Serial entrepreneur William Sachiti, responsible for the driverless delivery vehicle Kar-go has published a white paper on his latest invention dubbed Trees of knowledge. This project uses trees or other landmarks to house a small computer that broadcasts a wifi network that allows those connected to view preloaded content on the network. The initiative will be used to provide access to information for communities particularly in remote areas where access to the internet is limited but has applications beyond education.

As mentioned above the computer is built into a tree or other landmark and provides anyone with a wifi enabled device to access whatever content is preloaded on the system. This can be used to provide learning resources for example video lectures and talks on desired subjects to overcome the prohibitive costs associated with reproduction of content such as textbooks and supporting material. The concept can be likened to having a local library based on digital content. The computer does not provide access to the internet per se but rather to content on the device.

Considering the access problems associated with internet connectivity and print learning material in rural and underprivileged communities the project is envisioned to reduce these problems. The setup uses an open-source, Linux based Tree OS to run the machine. An individual unit can be set up for a cost of approximately US$105 according to the white paper. While access to wifi-enabled devices is increasing access to the internet still has an especially prohibitive cost in many African countries.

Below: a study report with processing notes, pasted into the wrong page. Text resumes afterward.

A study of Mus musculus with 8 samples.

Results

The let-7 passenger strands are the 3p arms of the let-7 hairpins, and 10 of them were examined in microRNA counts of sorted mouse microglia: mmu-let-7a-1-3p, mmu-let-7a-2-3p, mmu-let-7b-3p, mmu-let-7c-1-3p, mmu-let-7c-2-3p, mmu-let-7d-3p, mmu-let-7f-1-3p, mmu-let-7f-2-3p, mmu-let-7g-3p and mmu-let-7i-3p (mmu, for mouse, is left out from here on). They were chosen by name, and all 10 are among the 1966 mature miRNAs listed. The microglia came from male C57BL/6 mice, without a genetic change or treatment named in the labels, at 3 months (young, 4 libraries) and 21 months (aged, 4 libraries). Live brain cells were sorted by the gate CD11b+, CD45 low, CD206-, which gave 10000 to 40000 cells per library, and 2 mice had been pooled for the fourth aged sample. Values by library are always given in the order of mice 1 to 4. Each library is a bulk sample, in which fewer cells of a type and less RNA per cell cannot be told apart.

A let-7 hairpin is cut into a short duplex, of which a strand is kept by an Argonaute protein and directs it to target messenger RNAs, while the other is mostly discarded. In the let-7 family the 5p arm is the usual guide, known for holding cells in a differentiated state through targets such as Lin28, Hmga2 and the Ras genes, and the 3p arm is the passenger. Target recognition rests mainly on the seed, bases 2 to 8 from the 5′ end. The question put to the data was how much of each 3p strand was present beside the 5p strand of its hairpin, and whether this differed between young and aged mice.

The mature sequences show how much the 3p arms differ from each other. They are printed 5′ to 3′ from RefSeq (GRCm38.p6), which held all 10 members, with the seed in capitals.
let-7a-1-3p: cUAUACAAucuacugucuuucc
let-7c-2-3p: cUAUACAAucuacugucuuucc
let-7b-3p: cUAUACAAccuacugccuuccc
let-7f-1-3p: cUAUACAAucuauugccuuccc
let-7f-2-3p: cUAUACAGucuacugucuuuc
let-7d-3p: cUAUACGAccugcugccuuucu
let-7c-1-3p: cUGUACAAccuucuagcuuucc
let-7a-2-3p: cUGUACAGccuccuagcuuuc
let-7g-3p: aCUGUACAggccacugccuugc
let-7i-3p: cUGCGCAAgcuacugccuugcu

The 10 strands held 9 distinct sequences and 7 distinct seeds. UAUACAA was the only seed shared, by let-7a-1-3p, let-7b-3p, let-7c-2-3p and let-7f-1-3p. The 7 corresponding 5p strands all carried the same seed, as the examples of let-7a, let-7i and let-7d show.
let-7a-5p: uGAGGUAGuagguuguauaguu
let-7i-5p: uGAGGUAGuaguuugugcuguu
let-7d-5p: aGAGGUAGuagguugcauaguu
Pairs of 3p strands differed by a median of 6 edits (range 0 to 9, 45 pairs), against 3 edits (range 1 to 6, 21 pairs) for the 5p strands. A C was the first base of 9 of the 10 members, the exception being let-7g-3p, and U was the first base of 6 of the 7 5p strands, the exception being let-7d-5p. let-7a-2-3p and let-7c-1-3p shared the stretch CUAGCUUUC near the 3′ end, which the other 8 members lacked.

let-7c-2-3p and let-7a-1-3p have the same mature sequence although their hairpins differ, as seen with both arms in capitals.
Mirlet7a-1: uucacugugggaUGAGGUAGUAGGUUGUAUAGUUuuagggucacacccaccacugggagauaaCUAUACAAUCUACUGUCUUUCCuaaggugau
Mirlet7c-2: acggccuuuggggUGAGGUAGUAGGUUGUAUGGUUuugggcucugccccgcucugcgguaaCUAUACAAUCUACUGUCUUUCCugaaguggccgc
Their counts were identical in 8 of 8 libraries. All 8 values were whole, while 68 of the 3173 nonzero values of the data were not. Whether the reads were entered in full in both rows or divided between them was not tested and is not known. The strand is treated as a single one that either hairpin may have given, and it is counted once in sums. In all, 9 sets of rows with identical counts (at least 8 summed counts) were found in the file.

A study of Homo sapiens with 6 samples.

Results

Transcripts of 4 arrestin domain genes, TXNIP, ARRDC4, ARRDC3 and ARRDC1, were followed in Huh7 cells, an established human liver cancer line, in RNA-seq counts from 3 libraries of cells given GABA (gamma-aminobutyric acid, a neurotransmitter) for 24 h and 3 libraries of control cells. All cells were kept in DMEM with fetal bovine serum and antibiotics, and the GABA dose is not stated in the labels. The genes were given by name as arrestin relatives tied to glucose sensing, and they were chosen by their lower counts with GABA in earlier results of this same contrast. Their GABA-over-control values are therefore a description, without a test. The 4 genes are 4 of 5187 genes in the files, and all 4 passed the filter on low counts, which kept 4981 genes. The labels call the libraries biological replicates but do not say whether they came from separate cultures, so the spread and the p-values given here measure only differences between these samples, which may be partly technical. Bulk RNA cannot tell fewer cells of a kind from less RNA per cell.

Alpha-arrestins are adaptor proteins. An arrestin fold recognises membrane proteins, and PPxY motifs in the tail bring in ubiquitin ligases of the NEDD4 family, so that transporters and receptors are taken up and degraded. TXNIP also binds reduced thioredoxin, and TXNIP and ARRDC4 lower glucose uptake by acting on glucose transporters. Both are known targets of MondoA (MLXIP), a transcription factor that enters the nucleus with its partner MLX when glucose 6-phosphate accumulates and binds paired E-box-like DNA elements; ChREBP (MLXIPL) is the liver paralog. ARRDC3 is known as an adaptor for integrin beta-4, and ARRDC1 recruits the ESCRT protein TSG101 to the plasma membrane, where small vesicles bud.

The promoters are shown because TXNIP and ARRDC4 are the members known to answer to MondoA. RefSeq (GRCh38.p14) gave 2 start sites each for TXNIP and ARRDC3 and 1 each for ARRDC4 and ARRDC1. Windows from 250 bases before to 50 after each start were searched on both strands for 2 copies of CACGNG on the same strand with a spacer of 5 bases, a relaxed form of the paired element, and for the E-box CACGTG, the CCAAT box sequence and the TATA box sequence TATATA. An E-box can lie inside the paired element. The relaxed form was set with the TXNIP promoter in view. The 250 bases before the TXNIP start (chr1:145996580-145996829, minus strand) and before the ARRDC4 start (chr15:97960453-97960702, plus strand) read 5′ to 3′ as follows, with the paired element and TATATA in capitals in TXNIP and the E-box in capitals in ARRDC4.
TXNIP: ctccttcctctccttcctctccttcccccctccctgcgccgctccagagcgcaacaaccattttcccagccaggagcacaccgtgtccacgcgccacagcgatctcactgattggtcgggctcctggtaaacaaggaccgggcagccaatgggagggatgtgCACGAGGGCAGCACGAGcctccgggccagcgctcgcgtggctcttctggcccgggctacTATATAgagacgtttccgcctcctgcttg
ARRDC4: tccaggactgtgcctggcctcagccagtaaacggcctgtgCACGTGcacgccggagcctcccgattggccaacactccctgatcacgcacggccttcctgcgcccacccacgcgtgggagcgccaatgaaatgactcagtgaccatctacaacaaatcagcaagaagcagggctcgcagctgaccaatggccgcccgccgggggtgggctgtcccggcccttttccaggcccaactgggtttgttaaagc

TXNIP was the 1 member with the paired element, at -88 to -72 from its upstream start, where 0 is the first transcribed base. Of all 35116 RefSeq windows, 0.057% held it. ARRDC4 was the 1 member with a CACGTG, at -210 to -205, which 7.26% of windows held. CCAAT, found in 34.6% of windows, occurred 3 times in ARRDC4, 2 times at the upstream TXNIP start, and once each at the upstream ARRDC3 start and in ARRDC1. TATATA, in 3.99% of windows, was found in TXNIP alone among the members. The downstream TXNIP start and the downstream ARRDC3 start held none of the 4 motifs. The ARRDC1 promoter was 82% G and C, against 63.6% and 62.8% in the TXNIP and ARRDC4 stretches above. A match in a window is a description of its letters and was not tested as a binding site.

Trees of knowledge is based on offering free access to users. Consider the rural setup in Zimbabwe where the cost of textbooks alone is prohibitive. The idea is to enable access to a cornucopia of content with the devices being the cost that individuals would still have to bear. The project concept is promising. While the paper focuses on rural communities it is easy to see how other underprivileged communities can benefit.

There are many applications beyond education for the idea. Consider the current outbreak of the coronavirus which there is very little information on in the Zimbabwean health sector. Having such a system at health centres with the tree preloaded with informational videos that explain the virus and issues around it would help in terms of readiness to combat it. The same could be said for educating communities on the current rainfall conditions or a pest outbreak such as the current east African locust scourge.